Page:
Rich San Francisco Suburb Finally Agrees to Desegregate School

Manhattan Charter School students watch the National Address to Students on Educational Success by U.S. President Barack Obama September 8, 2009 in New York City. U.S. Secretary of State Hillary Rodham Clinton spoke to students beforehand at a "My Education, My Future" event at the school. (Photo by Mario Tama/Getty …
Mario Tama/Getty Images

The Marin County area is famously rich, white, and liberal. In 2019, they might even end the economic segregation in their schools.

The Sausalito Marin City School District serves two distinct markets: Sausalito’s majority white, multimillion dollar waterfront homes contrasted against Marin City’s substantially poorer black community. On Friday, California Attorney General Xavier Becerra said Bayside Martin Luther King Jr. Academy was deprived in favor of a charter school nearby.

“Depriving a child of a fair chance to learn is wicked, it’s warped, it’s morally bankrupt, and it’s corrupt,” Becerra told the press. “Your skin color or ZIP code should not determine winners and losers.” According to reporting by the Associated Press, he called the plan the “first comprehensive effort to desegregate a California school in five decades.”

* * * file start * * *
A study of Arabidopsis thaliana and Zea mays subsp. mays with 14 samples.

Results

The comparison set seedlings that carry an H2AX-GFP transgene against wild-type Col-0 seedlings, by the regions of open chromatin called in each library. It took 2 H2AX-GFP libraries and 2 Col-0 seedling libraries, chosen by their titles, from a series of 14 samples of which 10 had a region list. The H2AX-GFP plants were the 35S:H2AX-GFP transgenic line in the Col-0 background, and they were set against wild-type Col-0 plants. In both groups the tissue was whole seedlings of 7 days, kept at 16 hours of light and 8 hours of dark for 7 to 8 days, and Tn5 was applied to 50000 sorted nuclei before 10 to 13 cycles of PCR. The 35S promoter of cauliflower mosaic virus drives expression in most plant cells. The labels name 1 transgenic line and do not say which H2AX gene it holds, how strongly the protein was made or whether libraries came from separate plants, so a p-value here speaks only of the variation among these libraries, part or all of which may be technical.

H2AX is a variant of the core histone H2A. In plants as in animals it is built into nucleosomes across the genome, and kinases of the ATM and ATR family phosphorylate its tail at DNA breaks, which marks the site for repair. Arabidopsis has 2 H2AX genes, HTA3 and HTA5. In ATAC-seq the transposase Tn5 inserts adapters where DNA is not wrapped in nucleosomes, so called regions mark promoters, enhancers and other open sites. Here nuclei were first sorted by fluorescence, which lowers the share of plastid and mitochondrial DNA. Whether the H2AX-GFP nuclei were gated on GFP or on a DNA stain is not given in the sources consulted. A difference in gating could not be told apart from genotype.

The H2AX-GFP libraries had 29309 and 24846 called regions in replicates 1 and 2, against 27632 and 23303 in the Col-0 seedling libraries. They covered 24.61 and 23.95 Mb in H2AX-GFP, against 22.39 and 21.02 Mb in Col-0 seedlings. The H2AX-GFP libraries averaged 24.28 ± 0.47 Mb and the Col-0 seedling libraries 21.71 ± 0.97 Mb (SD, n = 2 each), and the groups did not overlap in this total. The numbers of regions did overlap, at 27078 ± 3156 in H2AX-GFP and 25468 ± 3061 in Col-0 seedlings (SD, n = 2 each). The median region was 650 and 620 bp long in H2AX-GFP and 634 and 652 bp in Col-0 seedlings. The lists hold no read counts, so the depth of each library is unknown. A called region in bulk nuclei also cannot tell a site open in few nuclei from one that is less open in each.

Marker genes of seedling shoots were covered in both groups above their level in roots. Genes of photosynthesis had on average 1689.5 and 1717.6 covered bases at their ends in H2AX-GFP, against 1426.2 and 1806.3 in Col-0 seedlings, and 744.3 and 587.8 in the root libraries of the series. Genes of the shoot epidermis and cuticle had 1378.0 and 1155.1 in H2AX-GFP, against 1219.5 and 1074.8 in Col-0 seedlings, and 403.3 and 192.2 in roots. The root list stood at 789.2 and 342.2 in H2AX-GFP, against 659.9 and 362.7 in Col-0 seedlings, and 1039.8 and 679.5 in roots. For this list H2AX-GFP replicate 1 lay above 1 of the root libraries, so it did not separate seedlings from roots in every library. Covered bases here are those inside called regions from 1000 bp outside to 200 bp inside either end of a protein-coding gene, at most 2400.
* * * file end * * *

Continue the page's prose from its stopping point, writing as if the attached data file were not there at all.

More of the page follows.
From 1964 until 2012, children from the district attended school together. But in 2013, the district established Bayside MLK. While it promised a high standard of education, the school received cuts to its classes, programs, and counselors soon after.

In the 2018-19 school year, Bayside MLK enrolled 119 children — a majority of which are African American or Latino. Meanwhile, nearby Willow Creek Academy’s majority white school has flourished, enrolling several times that number without the same financial obstacles.

Becerra’s initiative would appoint an independent party to “track the district’s progress, create a desegregation advisory group, establish a scholarship program and provide college and career guidance for students.”

University of California education professor Pedro Noguera sees a new challenge in the change — getting students from both communities to mix. “It’s good they called them out on this attempt to reinforce the inequity,” he said. “Now can they come up with a strategy to educate the kids together and provide them with a high quality education?”